Fukushima Radiation Effects Starting to be Acknowledged

John LaForge

A lot of press coverage followed the announcement of the first Fukushima radiation worker to be awarded compensation and official acknowledgement that his cancer was caused by working in the reactor disaster zone.

The man, now 41, was diagnosed with acute myelogenous leukemia -- a cancer of the blood and bone marrow, according to the Mayo Clinic -- in January 2014, according to the major Japanese daily Asahi Shimbun

The admission was the first of its kind and may portend vast additional financial liability looming for Tokyo Electric Power Co. (Tepco), which owns the Fukushima complex, and for the federal government. The Japanese government agreed to compensate the man who was employed at the site from October 2012 to Dec. 2013. “If more cases are confirmed, compensation will be paid,” said the federal labor ministry spokeswoman. Thousands of additional compensation claims and lawsuits are likely in view of reported and looming increases in radiation-related illnesses. A study of 300,000 radiation workers published in Lancet Haematology in June hammered this message home, finding leukemia to be caused by long-term but extremely low doses.

When Fukushima’s reactor disaster started March 11, 2011, Tepco initially increased its allowable cumulative radiation exposure for onsite workers to 250 millisieverts per year, but lowered it back to 100 in December 2011. About 45,000 workers were initially deployed to confront the earthquake-and tsunami-caused “station blackout,” the three out-of-control reactor meltdowns, three devastating explosions, and the high-radiation task of getting cooling water onto the burning radioactive wreckage. Every one of them who files a claim deserves compensation.

Thyroid cancer ballooning in Fukushima-poisoned areas

There was far less coverage of the news that childhood thyroid cancer rates have soared to between 20 and 50 times what is normally expected in areas surrounding the devastated Fukushima reactors.

In a first screening for thyroid cancer among 298,577 young people four years after the disaster, thyroid cancer occurred 50 times more among those in the most heavily irradiated areas, than in the general population. In a second screening round of 106,068 young people conducted in April 2014 in less irradiated parts of the prefecture, the cancer was 12 times more common than for the main population, the researchers found.

Toshihide Tsuda was the lead author of the thyroid cancer study -- published Oct. 5 in the journal Epidemiology -- which found that “The highest incidence rate ratio, using a latency period of four years, was observed in the central middle district of the prefecture compared with the Japanese annual incidence.”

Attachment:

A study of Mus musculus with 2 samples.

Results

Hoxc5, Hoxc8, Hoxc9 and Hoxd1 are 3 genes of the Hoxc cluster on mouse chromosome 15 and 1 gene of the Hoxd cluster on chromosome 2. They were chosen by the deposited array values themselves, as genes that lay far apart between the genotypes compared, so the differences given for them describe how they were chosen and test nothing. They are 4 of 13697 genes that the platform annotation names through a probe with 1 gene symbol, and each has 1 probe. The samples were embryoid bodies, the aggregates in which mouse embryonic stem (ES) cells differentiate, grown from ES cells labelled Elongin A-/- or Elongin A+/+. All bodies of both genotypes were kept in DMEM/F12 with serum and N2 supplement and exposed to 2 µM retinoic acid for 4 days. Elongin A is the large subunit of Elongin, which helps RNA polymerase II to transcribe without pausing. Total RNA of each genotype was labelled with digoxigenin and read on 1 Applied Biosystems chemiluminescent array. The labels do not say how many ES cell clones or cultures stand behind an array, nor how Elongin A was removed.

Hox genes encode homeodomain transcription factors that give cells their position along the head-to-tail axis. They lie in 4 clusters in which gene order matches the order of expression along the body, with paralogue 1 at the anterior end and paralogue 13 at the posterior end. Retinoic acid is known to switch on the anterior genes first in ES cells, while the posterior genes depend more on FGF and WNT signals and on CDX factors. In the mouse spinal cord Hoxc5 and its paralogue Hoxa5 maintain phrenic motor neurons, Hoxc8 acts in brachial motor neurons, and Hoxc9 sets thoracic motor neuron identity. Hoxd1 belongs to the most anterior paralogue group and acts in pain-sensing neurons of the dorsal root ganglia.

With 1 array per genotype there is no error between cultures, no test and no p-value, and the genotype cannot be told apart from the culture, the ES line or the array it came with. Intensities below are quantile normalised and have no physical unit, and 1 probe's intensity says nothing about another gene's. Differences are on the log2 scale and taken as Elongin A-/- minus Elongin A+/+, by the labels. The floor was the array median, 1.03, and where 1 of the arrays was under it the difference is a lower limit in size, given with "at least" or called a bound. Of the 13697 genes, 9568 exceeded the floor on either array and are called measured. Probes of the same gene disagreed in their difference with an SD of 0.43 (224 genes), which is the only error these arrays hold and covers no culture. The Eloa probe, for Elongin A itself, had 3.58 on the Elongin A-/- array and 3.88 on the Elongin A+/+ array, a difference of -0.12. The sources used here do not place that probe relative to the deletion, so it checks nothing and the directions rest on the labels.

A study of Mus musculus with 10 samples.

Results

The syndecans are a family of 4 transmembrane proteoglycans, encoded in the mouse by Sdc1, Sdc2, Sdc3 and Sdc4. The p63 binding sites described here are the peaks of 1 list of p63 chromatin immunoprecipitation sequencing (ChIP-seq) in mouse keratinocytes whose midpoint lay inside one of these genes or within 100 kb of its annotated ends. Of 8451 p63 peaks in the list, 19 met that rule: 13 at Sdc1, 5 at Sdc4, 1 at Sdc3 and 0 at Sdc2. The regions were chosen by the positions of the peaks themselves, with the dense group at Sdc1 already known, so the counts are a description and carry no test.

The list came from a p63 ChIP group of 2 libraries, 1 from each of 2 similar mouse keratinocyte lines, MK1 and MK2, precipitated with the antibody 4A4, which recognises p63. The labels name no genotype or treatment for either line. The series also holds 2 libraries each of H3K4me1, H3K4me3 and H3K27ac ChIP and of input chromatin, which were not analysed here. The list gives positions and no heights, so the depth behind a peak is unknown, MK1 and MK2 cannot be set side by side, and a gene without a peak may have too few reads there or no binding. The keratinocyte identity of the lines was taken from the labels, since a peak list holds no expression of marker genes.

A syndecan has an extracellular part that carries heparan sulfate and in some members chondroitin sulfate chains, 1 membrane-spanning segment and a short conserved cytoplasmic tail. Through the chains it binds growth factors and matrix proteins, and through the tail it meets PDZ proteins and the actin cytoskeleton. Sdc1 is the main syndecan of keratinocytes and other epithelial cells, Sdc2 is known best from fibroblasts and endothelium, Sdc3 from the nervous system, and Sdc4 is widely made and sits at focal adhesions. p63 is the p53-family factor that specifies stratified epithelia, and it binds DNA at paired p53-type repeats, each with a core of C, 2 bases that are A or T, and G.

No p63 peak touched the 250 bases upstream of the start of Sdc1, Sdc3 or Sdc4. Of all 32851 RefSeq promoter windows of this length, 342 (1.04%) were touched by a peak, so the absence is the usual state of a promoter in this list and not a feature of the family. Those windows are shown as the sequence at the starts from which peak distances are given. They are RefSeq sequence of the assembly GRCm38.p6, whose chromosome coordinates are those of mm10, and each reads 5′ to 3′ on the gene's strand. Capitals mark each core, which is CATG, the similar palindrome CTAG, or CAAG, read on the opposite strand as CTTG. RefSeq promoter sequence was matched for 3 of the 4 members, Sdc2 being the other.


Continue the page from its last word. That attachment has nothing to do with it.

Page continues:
Tsuda rejected the reaction of critics who claimed that increased levels of cancer screenings was the reason for the soaring incidence rate. Tsuda told the Associated Press Oct. 20, “This is more than expected and emerging faster than expected. This is 20 times to 50 times what would be normally expected.”
The study is a stunning rebuttal to the International Atomic Energy Agency, other pro-nuclear zealots, and the Japanese government, all of which have said repeatedly that any increase in cancers caused by Fukushima radiation would be too low to account for. That is, cancer increases in Japan caused by external radiation contamination, or internal poisoning from eating, breathing or drinking radioactive contaminants, would be hidden within the general cancer pandemic.

Sea life also reportedly suffering

In August, scientists from Japan’s National Science Museum reported that signs of radiation poisoning were found in 17 dead dolphins near Fukushima. The dolphins were found mysteriously beached near where massive releases of contaminated water are ongoing, and may have died from radiation-induced heart damage, the scientists said. In April, the researchers conducted autopsies on the beached dolphins and found that nearly all of them had entirely whitened lungs. The condition is called ischemia, for a loss of blood to the organs, and ischemia is a well-known symptom of radiation poisoning. The museum’s chief researcher told reporter David Gutierrez of Natural News, “I have never seen such a state.”

Fukushima’s massive reactor explosions ejected huge quantities of radiation into the air, much of which settled on the Pacific Ocean. Millions of tons of groundwater continue to rush into the wrecked reactors through earthquake-destroyed foundations and piping. This water becomes contaminated from contact with the melted uranium fuel and other highly radioactive reactor wreckage inside. Because about 300,000 tons of this poisoned water has reached the ocean every day for over four and a half years, up to 438 million of tons has poured into the Pacific, either uncontrollably or through deliberate releases by Tepco.